Creative Techniques: You must assign the time to think.

I hate the shower timer. That waterproof egg timer aberration that suction cups to the bathroom tiles and tells me not to waste water.
I don’t hate it for making me save water, that’s why we have it (well, more to stop my 11 year old ending up with more wrinkles than me every morning). I hate it because my morning shower used to be serious thinking time. Now, I’m in and out in 4 minutes, barely enough time to contemplate what to have for breakfast, and nowhere near enough time to think up that better mousetrap.

If your job demands creativity, then time is both your friend and your enemy. Coming up with ideas, solving problems, working through options all demand time. But I’ll lay odds you don’t have enough to spare, right?

My core role is thinking. I’m paid to come up with ideas to solve client problems, and to build proactive concepts in a variety of areas. However, my thinking time is shared with managing my team time, meeting time, paperwork time, family time, spouse time and once a year between 11 and 11.05am on a Tuesday, me time. It’s difficult to balance, and ensure I’m doing the best for my family, my employer, my team, my clients and myself.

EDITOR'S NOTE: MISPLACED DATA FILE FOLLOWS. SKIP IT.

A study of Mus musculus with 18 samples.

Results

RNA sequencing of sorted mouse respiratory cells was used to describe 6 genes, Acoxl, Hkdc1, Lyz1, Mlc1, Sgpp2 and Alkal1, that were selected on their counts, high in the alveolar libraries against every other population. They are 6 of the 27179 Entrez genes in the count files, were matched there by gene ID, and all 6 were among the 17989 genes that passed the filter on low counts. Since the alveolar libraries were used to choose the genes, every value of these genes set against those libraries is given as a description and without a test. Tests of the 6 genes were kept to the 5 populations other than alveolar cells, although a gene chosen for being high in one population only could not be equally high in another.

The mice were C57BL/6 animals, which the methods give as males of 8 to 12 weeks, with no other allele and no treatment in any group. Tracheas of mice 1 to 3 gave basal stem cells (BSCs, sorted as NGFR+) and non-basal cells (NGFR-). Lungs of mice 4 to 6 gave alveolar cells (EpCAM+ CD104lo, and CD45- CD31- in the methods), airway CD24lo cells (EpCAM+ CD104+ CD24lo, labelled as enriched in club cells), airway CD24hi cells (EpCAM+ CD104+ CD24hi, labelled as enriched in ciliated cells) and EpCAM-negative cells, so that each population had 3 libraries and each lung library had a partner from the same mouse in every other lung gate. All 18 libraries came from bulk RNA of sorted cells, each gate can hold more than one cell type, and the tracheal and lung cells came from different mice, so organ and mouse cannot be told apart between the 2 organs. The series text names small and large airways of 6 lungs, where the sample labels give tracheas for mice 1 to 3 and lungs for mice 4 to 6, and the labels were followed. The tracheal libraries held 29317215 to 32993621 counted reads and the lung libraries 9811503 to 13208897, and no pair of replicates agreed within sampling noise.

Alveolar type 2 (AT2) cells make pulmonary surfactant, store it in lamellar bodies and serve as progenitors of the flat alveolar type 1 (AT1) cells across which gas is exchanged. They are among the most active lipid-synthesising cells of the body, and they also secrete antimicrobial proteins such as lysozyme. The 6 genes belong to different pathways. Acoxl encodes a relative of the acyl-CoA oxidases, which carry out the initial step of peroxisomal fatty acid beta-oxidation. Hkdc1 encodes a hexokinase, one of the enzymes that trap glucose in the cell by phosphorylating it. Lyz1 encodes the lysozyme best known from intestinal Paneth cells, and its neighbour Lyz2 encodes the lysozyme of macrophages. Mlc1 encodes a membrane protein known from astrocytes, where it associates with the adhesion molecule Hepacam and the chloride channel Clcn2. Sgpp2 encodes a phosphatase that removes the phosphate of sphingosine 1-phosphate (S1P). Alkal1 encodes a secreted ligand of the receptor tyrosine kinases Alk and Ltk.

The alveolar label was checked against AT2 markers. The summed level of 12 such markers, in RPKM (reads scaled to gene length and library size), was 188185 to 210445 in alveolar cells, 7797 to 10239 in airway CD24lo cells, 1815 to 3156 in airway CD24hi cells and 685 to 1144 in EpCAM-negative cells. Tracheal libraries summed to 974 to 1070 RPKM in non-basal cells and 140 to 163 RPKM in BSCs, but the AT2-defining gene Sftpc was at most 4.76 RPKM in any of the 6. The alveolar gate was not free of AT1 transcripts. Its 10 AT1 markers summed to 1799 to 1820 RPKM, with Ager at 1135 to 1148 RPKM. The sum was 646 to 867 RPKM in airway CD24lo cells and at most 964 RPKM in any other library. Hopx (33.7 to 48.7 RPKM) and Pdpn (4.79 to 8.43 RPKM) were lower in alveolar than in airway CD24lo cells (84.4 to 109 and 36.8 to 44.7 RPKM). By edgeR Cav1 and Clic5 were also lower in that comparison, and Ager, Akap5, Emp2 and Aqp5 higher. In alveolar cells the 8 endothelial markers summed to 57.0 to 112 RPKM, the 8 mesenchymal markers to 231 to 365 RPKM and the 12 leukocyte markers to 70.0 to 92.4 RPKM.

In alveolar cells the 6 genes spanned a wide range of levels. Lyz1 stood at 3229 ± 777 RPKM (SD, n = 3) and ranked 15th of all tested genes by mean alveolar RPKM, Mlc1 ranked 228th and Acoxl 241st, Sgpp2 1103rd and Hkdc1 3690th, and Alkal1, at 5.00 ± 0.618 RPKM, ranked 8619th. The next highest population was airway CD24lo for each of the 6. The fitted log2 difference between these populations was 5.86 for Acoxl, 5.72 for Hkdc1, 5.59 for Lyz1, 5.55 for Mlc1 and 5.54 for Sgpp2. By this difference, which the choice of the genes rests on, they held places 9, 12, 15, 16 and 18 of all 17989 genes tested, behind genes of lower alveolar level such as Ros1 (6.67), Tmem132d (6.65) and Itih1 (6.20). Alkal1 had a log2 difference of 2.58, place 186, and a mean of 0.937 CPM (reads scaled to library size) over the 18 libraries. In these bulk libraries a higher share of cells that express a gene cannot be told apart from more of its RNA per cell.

So I have to use my time wisely. From the creative standpoint, I have to make sure I dedicate the right sort of time to do the thinking needed.
I believe creative thinking comes in two flavours; active thinking, and passive thinking. Active thinking is the time you spend actually working on the issue… defining the problem, self brainstorming ideas etc. Passive thinking is what happens afterwards. It’s what bubbles away in the background while you’re doing other things. Passive thinking subconsciously refines your creativity. It’s why you often wake up with a new idea or a problem solved.

However, it’s vital that you commit time to active thinking. A few minutes in the shower won’t cut it. You have to get yourself in the mindset that active thinking time is just as important as any other type of time. Use it properly though, don’t just put your feet up and assume the champagne ideas will start flowing. Use whatever techniques work for you to ensure you’re moving forward in whatever you’re working on.

Personally, I get out of the office and walk when I can. I set myself a task to work on and head out for 15 to 20 minutes. I also have a rule that the car radio only gets turned on in one direction wherever I’m driving to. When I drive back, it goes off.

Find your own time, but commit to it. Don’t fall into the trap of thinking you must be seen to be doing something. Thinking itself is doing something. Something vital in creativity.